Sara Horowitz wants freelancers to join the revolution, the “Quiet Revolution,” that is—a deliberate move toward a new economic future that values connection over consumption.

Horowitz’s nonprofit, Freelancers Union, empowers independent workers through collaboration. In a recent blog post, she makes the case that cooperatives are serving as “guideposts” as the independent workforce embraces a more sustainable, mutually beneficial economy.

“Cooperative businesses and freelancers have a lot more in common than you might think,” Horowitz says. “They’re both at the vanguard of the new ‘Mutualist Economy’ on the horizon.”

And, more and more freelancers are following the cooperative business model, joining together to create worker co-ops that allow them to retain ownership of their business but expand to include bigger jobs and more clients.

“They’re creating marketing cooperatives, tech cooperatives—even babysitting cooperatives. They’re joint purchasing. They’re forming all kinds of formal and informal collaborations so they can do together what they couldn’t do alone,” Horowitz says.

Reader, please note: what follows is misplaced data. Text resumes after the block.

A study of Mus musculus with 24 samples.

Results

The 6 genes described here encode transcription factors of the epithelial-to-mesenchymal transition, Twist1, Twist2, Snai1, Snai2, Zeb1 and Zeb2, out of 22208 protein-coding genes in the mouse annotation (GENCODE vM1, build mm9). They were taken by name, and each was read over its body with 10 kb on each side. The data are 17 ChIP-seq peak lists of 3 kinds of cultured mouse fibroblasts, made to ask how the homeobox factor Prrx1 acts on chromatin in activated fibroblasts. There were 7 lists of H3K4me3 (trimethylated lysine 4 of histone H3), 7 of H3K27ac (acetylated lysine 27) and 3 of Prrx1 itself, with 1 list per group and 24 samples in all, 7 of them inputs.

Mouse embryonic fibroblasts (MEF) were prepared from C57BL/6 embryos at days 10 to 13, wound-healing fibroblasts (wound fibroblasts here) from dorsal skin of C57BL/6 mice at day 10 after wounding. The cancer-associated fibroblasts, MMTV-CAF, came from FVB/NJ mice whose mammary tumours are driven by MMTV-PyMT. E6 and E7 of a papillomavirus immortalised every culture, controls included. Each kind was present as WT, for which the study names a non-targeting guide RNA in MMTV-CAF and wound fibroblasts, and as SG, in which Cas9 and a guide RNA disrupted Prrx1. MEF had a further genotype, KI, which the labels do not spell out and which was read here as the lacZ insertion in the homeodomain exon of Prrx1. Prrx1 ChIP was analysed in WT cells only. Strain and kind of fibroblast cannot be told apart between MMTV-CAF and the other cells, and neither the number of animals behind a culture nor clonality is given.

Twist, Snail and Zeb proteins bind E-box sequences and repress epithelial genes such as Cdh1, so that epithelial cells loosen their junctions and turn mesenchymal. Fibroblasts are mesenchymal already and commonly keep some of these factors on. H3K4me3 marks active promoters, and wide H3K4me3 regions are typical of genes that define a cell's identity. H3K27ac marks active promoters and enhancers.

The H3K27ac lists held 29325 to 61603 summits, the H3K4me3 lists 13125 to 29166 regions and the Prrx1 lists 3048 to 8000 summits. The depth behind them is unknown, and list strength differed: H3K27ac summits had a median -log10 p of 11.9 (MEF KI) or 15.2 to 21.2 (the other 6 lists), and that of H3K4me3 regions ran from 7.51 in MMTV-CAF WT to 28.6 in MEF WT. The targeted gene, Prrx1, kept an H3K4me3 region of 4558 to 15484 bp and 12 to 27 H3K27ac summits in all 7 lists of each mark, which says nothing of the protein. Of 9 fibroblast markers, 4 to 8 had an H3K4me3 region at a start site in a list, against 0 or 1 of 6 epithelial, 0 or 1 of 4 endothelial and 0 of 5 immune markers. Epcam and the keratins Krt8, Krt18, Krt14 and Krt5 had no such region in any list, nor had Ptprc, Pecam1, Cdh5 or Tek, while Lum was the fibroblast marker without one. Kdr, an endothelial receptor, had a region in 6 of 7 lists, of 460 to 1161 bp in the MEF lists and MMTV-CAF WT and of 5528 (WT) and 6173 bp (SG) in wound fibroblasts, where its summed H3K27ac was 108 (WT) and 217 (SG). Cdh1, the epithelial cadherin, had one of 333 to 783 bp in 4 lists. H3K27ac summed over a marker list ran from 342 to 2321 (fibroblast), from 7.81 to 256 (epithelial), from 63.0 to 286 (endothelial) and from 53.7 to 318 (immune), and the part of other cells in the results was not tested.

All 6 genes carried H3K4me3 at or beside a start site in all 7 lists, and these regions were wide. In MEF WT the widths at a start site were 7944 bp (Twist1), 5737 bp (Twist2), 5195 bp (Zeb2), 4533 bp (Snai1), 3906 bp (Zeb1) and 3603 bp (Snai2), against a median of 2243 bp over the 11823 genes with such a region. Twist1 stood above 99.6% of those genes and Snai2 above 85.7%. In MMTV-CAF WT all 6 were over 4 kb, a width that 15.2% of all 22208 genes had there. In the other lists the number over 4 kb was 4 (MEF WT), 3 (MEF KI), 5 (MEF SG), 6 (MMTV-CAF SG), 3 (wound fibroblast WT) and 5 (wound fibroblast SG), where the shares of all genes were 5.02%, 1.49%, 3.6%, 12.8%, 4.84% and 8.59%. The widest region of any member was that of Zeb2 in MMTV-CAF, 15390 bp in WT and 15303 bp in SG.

An interactive map on the Freelancers Union website is plotting this new economy, pin by pin. It invites users to help “map the movement” by posting virtual pins for their favorite food co-ops, credit unions, cooperative clinics and more, giving consumers options as they seek out sustainable goods and services.

(Is your co-op on the map? If not, add it today.)

“That’s what the Quiet Revolution is all about—choosing to spend your life, time and money in ways that build something better for you and the people around you,” she says.

Horowitz is founder and executive director of the Freelancers Union, a 501(c)(4) nonprofit membership organization that provides close to 240,000 freelancers, consultants and other independent workers nationwide with education, resources and health insurance. Freelancers Union has also helped reverse unfair tax policies and the exclusion of independent workers from the unemployment protection system.

According to a 2006 study by the Government Accountability Office, some 42 million American workers are “independent,” or freelancers, making up about one-third of the entire workforce.

“Like co-ops, freelancers have always been ahead of the curve in developing new and interesting ways to contribute to their local economies,” Horowitz says. “In the new economy, freelancers and cooperatives go great together.”